As your family sits around the television in the living room, you hear a thunderous boom. With quizzical looks upon your children’s faces, you and your husband exchange glances and know you share the same thought—that ominous sound was a bomb.
Crossing the threshold of the front door, you see neighbors littering the sidewalk, gazing down the street towards downtown, with hands barely hiding gaping mouths. Your husband hands you the phone— it’s your Emergency Services Program Manager and they need you at the chapter. There’s been an explosion…
With that, the fear and anticipation perceived on the faces of her friends and neighbors became her own.
The actions of this young volunteer will undoubtedly shape the future of her community; and if by chance, unknowingly inspire other community members to better prepare themselves for when a disaster strikes. You never know what it could be next: severe storms, train derailments, massive flooding or even worse—a biological attack. We never want to consider our peaceful and happy communities being the focus of bioterrorism; but in reality, it could happen.
What is bioterrorism?
Actually, bioterrorism can be an array of events—including chemical, biological, radiological, nuclear and explosive (or CBRNE). Some examples of CBRNE events could include: chemical spills, an incident at a nuclear power plant, an aerosolized biological agent, an explosion or even a naturally occurring disease outbreak. Most disaster events involve elements of Mother Nature. Whether you face the torrential rains and high-sustained winds of a hurricane or the out-of-control carnage of a wildfire, there is one fact that reigns true for all disasters—YOU have the power to be prepared.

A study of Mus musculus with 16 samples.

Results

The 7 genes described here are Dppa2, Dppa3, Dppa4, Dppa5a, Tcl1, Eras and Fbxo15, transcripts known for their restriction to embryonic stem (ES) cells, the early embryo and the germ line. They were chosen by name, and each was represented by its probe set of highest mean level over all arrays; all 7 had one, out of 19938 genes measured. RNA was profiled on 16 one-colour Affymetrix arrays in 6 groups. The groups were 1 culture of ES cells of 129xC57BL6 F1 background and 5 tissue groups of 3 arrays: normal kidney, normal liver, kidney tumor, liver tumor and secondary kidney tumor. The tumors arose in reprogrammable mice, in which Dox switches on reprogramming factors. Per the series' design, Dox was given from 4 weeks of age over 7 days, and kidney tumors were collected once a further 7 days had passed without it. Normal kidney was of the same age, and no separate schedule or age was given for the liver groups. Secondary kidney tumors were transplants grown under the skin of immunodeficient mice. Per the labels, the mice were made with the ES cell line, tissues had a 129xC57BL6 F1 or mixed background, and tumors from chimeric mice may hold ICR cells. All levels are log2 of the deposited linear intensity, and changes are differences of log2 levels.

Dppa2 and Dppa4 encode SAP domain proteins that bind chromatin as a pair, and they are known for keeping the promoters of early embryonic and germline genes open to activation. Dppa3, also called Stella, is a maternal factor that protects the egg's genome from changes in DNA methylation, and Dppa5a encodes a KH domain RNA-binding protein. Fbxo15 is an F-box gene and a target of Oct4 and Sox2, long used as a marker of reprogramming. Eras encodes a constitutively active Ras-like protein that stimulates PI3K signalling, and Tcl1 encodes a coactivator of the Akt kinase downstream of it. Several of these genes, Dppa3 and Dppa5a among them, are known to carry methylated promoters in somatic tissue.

Both natural and human-caused disasters can occur at anytime, anywhere. What should you do to avoid falling victim to a disaster? There are three simple steps the Red Cross encourages to conquer this conundrum: Get a Kit, Make a Plan and Be Informed.
- A multipurpose tool
The next step in preparing yourself for disaster is to make a plan. You should identify the responsibilities for each member of your household and plan to work together as a team. Finally, one of the most important aspects of disaster preparedness is remaining informed about the situation. You should identify in advance how local authorities will notify you during a disaster and how you will get formation—whether it is through local radio, TV or NOAA Weather Radio station/channel.
Returning home from a day of frantic phone calls and rumors buzzing around command center, the young volunteer turns on to her street. Through windows, she sees families gathered around their televisions, hoping for answers. Seeing the members of her community watching for information brings her a sense of comfort. Instead of entering into a state of confusion and panic, these people had taken the appropriate steps to becoming disaster-ready and prepared themselves physically and mentally for the aftermath of a disaster event. The only question that remains is, are you prepared?
Don’t be a victim. Be Aware. Be Prepared.